With a week left in its planned 60-day session, a Republican civil war over health care has stalled the Florida Legislature on its single most important job, completing a balanced state budget.
The budget, tax cuts and education spending are mired in a standoff between the House and Gov. Rick Scott on one side, and the Senate on the other. Legislators are heading for an extended or special session, but with no clear way out of the mess. Both houses have large GOP majorities and Scott is also a Republican.
“We can’t get out on time,” House Speaker Steve Crisafulli said late last week. “That would take miracles at this point.”
Senate President Andy Gardiner vowed to stay in session until the end of the fiscal year, June 30, if necessary.
The underlying conflict: The more-conservative House opposes expanding health insurance for those just above the poverty line as intended by the federal Affordable Care Act, known as Obamacare. The Senate has proposed such a plan in its version of the budget.
Behind-the-scenes bickering got acrimonious last week as House and Senate leaders both held meetings — the House in secret — to rally their troops. Meanwhile, Scott called in individual Republican senators, threatening to veto pet projects if the Senate doesn’t go his way.
The situation is reminiscent of fiscal standoffs between the Obama administration and congressional Republicans, except that fight is between opposing parties. Some Florida Republicans fear the stalemate will hurt their party’s image.
“Public policy is a message” to voters, state Sen. Tom Lee, R-Brandon, told reporters. “I think our unwillingness to embrace some of these healthcare problems that we face could reflect very negatively on us as a party.”
Here are key issues still facing the Legislature in the remainder of the session:
Budget and LIP funding
Florida gets more than $1 billion a year from the federal government for the Low Income Pool, a $2.2 billion program that helps hospitals statewide serve indigent patients. But continued funding may depend on whether the state enacts a health insurance plan as the Senate advocates.
Lawmakers face a choice: adopt a budget that does without the LIP money; replace it with state tax money; or adopt a plan like the Senate’s.
The disagreement has led to drastically differing budget proposals from the House, $76.2 billion, and Senate, $80.4 billion. The proposals must be identical to pass.
The House has passed a $690 million package of 26 tax cuts, including $432 million in telephone and television services taxes, one of Scott’s top session priorities.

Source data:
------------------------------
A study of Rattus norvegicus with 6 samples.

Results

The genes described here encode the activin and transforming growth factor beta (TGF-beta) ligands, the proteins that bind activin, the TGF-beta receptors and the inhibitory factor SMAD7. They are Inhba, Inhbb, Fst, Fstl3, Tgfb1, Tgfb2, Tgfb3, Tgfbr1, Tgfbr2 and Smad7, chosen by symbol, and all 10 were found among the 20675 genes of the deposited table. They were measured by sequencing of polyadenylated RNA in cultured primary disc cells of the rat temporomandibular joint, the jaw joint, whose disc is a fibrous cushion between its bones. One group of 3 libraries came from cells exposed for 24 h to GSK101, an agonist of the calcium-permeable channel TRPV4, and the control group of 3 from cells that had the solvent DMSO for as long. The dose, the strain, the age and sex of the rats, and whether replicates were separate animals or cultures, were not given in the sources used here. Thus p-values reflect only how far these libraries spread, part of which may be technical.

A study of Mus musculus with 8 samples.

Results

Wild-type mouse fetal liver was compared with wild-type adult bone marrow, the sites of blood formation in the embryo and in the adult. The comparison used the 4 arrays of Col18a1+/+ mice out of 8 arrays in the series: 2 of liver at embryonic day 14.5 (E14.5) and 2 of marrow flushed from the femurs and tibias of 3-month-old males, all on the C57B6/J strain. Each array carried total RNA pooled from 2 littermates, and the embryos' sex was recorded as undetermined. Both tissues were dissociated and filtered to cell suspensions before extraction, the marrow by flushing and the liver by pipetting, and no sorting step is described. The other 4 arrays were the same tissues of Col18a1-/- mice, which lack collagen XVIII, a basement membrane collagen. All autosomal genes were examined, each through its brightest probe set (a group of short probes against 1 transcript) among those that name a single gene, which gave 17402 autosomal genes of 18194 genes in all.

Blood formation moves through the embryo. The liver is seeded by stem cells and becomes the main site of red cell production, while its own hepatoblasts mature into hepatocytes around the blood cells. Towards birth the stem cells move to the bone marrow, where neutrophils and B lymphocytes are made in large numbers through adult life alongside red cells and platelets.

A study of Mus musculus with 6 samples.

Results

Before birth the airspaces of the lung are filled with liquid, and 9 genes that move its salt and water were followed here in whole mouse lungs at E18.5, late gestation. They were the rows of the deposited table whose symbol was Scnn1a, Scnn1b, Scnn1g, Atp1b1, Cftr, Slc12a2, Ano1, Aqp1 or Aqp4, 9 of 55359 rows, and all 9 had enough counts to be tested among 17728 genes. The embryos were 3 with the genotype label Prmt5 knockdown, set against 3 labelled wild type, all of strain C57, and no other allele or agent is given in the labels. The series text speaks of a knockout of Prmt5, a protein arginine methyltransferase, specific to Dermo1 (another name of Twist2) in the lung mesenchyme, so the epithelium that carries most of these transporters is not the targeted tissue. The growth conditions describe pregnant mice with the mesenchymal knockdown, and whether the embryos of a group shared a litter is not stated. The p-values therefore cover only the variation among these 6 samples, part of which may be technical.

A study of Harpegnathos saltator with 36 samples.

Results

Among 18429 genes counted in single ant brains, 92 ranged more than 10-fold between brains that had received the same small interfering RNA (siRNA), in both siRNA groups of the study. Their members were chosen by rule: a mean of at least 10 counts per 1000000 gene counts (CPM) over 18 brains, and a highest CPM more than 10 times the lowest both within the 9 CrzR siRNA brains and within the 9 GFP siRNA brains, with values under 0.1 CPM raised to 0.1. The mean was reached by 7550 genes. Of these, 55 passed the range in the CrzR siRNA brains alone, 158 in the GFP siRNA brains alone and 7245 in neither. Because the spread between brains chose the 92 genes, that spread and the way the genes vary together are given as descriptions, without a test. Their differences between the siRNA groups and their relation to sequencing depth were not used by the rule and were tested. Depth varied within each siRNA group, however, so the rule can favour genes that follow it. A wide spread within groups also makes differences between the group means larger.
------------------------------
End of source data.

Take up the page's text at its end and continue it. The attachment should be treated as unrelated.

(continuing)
But the budget problems threaten that. Late last week, in the first sign of a break in the LIP logjam, the House offered $200 million, most of it from the tax cut package, toward maintaining the LIP program.
Gambling revisions are another issue on which there’s no clear path to agreement between the two houses.
State Rep. Dana Young, R-Tampa, filed a major overhaul early on, but as the session nears its end, with approval so far from only two of the three required committees, its odds of passage look increasingly slim.
Meanwhile, a Senate bill is moving that authorizes Scott to extend the state’s gambling compact with the Seminole Indian Tribe and allow slots in Lee and Palm Beach counties. But so far, there’s no outcome to negotiations for a new compact.
The Senate is moving toward passage of a comprehensive bill on protection of springs and water resources, while the House has passed and sent to the Senate its own bill. The two have yet to be consolidated, but Gardiner has vowed to complete the leaders’ joint work plan, including new water policy laws.
Passed with 75 percent of the vote in November, it said a third of all documentary stamp tax revenue should go to conservation land buys, estimated at some $10 billion over 20 years. But the Senate budgets only about $15 million and the House about $8 million for new land purchases under Florida Forever, the state’s main conservation land-buying program, plus $191 million in the House and $177 million in the Senate for debt service on previous purchases, said Will Abberger of the Trust for Public Land.
The emotion-laden proposal to end permanent alimony appeared headed for easy passage in a bill designed to avoid a veto by Scott on a similar 2013 measure. But it’s now in question in a last-minute conflict over whether to include a legal presumption, which could be altered due to circumstances, that a divorcing couple should split child custody evenly.
Republished with permission of The Associated Press.